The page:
Pleiad Editorial: The Importance of Teamwork Off of The Court

The actions taken by the Albion College men’s basketball team after their coach, Jody May, used a racial slur repeatedly in a practice over break, reflect a certain bravery and courage that is important in today’s era of vitriol, ignorance and hate, especially on college campuses. But the administrative leadership on this college campus has responded in a way that has understandably been regarded as both disappointing and belittling. 

Over winter break, The Pleiad received an email from a player on the basketball team sharing his story and version of events. Following this, he asked us simply: “Will you write something about this?” 

This player became the de facto leader of the team’s concerted effort to hold their ground against apathy and inaction from the college. This player and his teammates have become people whom a lot of us consider to be among the bravest students on this campus. 

These players have led an incredibly well-organized and respectful response to the insensitive behavior on this campus. They have all stood their ground against an institution that seemingly refused to listen to them. 

That player, the de-facto leader, told The Pleiad that even though some of his teammates feel differently about the situation, they all respect each other and have maintained that respect throughout this whole process.

The college, which operates according to policies and laws that govern its position as the employer of coach May, has taken a series of steps that go against the desires of the team. Their actions have been widely regarded as disappointing. However, the college is often perceived as one monolithic, univocal, arbiter of unfairness. That is untrue; the administration is comprised of humans with complex emotions like the rest of us.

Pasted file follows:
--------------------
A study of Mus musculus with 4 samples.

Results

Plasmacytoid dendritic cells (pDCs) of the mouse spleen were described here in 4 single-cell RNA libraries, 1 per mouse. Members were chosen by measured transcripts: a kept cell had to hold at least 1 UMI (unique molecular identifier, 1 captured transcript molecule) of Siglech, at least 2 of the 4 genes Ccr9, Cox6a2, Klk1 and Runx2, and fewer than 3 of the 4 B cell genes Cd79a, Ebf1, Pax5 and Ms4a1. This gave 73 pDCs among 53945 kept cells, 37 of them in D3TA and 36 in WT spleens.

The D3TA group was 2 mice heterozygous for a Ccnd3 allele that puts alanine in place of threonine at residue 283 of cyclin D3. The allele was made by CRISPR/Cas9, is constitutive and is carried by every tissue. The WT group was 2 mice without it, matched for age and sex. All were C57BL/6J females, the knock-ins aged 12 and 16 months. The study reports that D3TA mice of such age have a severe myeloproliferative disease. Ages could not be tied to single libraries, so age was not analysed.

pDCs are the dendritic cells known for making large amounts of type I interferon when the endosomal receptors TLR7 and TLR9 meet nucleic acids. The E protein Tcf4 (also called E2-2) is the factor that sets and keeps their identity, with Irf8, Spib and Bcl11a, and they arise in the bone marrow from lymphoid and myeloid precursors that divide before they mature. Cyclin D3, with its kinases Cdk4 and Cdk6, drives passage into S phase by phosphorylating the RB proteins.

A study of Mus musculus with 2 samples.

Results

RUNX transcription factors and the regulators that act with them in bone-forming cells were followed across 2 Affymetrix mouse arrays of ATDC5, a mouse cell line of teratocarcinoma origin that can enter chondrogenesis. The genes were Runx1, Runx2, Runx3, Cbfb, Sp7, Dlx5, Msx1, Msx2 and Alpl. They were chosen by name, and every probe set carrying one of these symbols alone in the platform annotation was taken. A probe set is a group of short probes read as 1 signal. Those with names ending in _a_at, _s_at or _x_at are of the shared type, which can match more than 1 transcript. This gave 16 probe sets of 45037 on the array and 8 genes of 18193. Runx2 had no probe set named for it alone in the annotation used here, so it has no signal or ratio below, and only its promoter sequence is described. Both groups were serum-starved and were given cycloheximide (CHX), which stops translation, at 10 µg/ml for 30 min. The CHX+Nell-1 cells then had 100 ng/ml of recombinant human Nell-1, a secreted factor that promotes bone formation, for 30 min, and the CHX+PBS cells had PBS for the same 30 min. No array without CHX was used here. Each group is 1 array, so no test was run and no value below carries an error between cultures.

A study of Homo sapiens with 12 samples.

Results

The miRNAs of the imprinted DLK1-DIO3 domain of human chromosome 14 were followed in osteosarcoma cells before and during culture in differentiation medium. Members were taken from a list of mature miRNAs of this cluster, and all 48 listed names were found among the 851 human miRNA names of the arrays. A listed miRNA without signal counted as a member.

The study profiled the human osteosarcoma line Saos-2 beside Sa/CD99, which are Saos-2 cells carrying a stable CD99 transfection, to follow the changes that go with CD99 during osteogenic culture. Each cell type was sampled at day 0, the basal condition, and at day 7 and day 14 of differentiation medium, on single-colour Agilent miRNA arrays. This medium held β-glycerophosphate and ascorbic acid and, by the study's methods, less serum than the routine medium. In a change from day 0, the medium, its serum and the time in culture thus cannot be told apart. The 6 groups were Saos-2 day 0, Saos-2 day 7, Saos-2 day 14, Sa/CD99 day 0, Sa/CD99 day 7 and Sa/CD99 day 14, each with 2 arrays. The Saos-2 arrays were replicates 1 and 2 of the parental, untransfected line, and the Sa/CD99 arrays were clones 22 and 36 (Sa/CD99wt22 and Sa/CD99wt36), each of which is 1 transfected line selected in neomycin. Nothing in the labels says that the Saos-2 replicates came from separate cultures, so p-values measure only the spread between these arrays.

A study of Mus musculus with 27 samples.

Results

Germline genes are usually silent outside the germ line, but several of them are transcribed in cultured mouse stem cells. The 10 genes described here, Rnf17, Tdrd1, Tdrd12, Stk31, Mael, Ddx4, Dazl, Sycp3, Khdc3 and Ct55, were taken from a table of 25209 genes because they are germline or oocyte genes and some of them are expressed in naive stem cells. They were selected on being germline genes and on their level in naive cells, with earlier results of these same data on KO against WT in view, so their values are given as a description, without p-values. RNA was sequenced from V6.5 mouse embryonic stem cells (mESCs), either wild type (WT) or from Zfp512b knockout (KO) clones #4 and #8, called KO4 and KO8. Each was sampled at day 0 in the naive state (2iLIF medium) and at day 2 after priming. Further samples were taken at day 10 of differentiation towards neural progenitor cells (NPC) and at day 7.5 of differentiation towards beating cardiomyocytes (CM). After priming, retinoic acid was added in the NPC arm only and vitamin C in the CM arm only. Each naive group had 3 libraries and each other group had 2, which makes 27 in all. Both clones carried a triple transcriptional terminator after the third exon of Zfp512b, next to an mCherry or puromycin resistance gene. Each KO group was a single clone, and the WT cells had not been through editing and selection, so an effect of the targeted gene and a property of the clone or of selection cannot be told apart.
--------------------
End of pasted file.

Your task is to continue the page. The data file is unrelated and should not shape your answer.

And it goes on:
This is not an anti-administrative stance. We understand the complexity that job takes, and we understand why the college behaved the way it did. 

While the basketball team fought to have their voice heard, they said that “Dean Wright and President Calvaruso repeatedly ignored our wishes and the ways that we wanted to go about this and pushed their own agendas on to us.” 

In response to this, they held their ground. They amplified each other’s voices, and, through it all, they remained composed.

This composure and respect for each other’s decisions are what we want to celebrate. While presenting their cause, the team has been sincere, tactful, at times stoic and nothing short of inspiring. 

On Thursday, the college held a conversation between members of the cabinet, players on the team, their families and coach May. Following this, the team took May back as their coach, and all players returned to play. 

Standing solid in the face of ignorance and institutional disregard with such patience and maturity is worth lauding. Seeing them reach a mutual decision by consistently pushing for a better, more inclusive and respectful dialogue should be a lesson for us all.  

Though they weren’t running a perfect three-man weave, or sinking last-second shots to take the lead, the basketball players on this campus were doing something more important: they were standing together and standing up for what is right. 

And that – more so than a flashy dunk, electrifying crossover, or a commanding win over a conference foe – is worth your applause. They certainly have ours.


  1. I’m proud of the basketball players, and happy that a conversation was arranged with the involved parties and a reasonable resolution reached. I would have liked to have heard the administration’s side of the story to better understand their reticence in taking action.